I like hot sauce. I don’t like it hot as a challenge. If it’s hot and flavorful, I’m down.  The problem with hot sauce is, you never really know how hot it is until you taste it….and sometimes that can be too late.  More after the jump.


I recently received a gift set of hot sauces.  As a reference point, the first one was just a bit like regular Louisiana Hot Sauce (my go to brand).  They were labeled “Hot”, “Fire” and “Scorcher”.  I had opened the hot and it was quite tasty.  A REAL hot sauce fan then visited my house and I had an experience unlike any other one I’d ever had before.  Are you ready for it?  The “Fire” and the “Scorcher” weren’t any hotter than the “Hot”.  Now the upside is I have three bottles of hot sauce that I myself will now eat, but it brings to mind the question “what is hot”?

I went to a wings place a couple of weeks ago and got their “medium” wings.  I figured that should be right around the Louisiana Hot Sauce/Tabasco level, but no….they were so hot that I gagged a little if I breathed while taking a bite.

Then there’s Wasabi.  I am a huge Wasabi fan. I usually require about ten times the amount a normal person has.  The good thing about Wasabi is that it’s hot for about ten seconds then it goes away.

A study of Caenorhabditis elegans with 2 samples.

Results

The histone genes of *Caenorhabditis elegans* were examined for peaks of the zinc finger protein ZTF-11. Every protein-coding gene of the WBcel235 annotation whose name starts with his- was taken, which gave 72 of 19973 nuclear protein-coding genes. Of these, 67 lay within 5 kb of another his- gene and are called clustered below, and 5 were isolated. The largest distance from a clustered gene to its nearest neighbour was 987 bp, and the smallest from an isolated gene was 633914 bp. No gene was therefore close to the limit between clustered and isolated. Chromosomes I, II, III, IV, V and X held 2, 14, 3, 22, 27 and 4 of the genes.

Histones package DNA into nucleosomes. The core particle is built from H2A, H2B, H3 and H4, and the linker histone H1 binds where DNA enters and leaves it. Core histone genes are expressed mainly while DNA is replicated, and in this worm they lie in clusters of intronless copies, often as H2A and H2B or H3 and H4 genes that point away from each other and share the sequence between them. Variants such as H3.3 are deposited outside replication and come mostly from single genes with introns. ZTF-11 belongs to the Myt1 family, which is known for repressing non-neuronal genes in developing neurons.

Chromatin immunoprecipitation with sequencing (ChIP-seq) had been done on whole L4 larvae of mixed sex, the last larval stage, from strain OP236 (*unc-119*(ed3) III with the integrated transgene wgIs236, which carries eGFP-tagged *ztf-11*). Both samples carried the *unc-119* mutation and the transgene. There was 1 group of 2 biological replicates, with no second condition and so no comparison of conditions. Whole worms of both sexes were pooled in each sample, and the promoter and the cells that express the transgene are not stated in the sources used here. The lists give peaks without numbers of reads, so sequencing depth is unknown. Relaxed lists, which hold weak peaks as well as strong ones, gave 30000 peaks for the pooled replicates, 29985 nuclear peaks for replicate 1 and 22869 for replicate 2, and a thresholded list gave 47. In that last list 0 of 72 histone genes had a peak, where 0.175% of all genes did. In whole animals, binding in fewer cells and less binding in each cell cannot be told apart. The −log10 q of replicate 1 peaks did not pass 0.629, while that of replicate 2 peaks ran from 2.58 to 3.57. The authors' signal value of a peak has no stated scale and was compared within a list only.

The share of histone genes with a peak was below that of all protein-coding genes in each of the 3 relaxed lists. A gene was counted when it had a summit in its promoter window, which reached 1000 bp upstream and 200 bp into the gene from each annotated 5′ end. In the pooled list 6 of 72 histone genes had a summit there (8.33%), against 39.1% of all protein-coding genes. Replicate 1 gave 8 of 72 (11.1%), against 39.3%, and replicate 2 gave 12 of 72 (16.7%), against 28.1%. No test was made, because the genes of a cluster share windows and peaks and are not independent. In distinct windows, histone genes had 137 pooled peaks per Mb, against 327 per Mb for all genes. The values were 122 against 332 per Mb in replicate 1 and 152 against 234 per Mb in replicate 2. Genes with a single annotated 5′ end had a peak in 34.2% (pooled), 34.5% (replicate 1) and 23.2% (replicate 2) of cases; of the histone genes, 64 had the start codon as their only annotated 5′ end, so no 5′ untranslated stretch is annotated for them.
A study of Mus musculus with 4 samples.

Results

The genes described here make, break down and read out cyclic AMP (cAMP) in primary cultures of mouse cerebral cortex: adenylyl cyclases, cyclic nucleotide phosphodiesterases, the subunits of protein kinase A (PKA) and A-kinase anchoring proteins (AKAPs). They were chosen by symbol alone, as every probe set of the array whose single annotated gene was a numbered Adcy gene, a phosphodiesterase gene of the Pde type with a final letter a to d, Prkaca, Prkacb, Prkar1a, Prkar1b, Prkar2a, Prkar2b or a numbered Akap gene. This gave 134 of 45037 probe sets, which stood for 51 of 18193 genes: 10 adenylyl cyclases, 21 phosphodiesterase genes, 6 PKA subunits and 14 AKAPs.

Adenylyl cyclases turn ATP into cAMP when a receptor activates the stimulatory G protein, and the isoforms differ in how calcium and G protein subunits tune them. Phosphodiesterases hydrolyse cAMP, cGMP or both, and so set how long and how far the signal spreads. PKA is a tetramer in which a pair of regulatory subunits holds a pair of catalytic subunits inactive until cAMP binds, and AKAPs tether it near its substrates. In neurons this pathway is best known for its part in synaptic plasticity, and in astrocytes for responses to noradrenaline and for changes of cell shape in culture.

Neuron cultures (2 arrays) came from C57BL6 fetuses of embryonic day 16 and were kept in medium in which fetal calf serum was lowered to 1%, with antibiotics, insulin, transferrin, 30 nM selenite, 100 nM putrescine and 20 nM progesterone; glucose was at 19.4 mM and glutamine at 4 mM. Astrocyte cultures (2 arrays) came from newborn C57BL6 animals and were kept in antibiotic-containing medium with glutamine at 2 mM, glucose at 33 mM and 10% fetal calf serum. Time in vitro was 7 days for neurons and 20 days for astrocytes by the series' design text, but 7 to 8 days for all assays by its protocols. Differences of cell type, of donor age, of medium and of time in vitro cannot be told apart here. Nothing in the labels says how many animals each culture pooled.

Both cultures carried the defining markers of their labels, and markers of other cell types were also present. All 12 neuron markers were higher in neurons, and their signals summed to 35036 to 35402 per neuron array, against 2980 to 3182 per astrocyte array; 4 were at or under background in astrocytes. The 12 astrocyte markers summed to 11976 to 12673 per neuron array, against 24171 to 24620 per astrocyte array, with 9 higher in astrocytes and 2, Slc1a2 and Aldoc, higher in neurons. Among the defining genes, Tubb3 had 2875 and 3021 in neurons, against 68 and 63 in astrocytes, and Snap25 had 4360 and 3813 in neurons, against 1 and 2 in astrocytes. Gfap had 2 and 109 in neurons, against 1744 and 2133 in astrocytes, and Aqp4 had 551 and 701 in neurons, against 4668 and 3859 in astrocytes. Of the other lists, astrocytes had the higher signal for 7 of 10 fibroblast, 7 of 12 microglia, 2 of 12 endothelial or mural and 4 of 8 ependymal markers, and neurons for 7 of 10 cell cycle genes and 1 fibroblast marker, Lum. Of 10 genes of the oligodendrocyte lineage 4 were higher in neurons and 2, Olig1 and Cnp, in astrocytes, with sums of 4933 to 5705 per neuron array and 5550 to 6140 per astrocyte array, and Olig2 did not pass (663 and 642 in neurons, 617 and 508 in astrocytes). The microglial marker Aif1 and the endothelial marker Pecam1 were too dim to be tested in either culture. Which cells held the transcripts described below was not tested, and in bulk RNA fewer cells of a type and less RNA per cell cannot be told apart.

So how do we tell what is “hot” and how do we know what to expect?  I guess it’s all trial and error. There is the “Scolville” scale that judges peppers.  I kind of wish that some of the hot sauce companies would voluntarily turn in their sauces for a rating.  I think they don’t because “hot sauce” and “salsa” are almost seen as a “macho” thing and when you put the ratings on the sauces it would all then be about who’s was the hottest.

Lastly, I wish that all hot sauces had a ‘carry through’ rating.  I call it “carry through” because that’s about as tactful as I can get.  We all know that SOME hot sauces, for whatever reason, don’t break enough in your system and burn on the way out.  Yeah, I want a label that says “caution, this will make your bunghole burn”.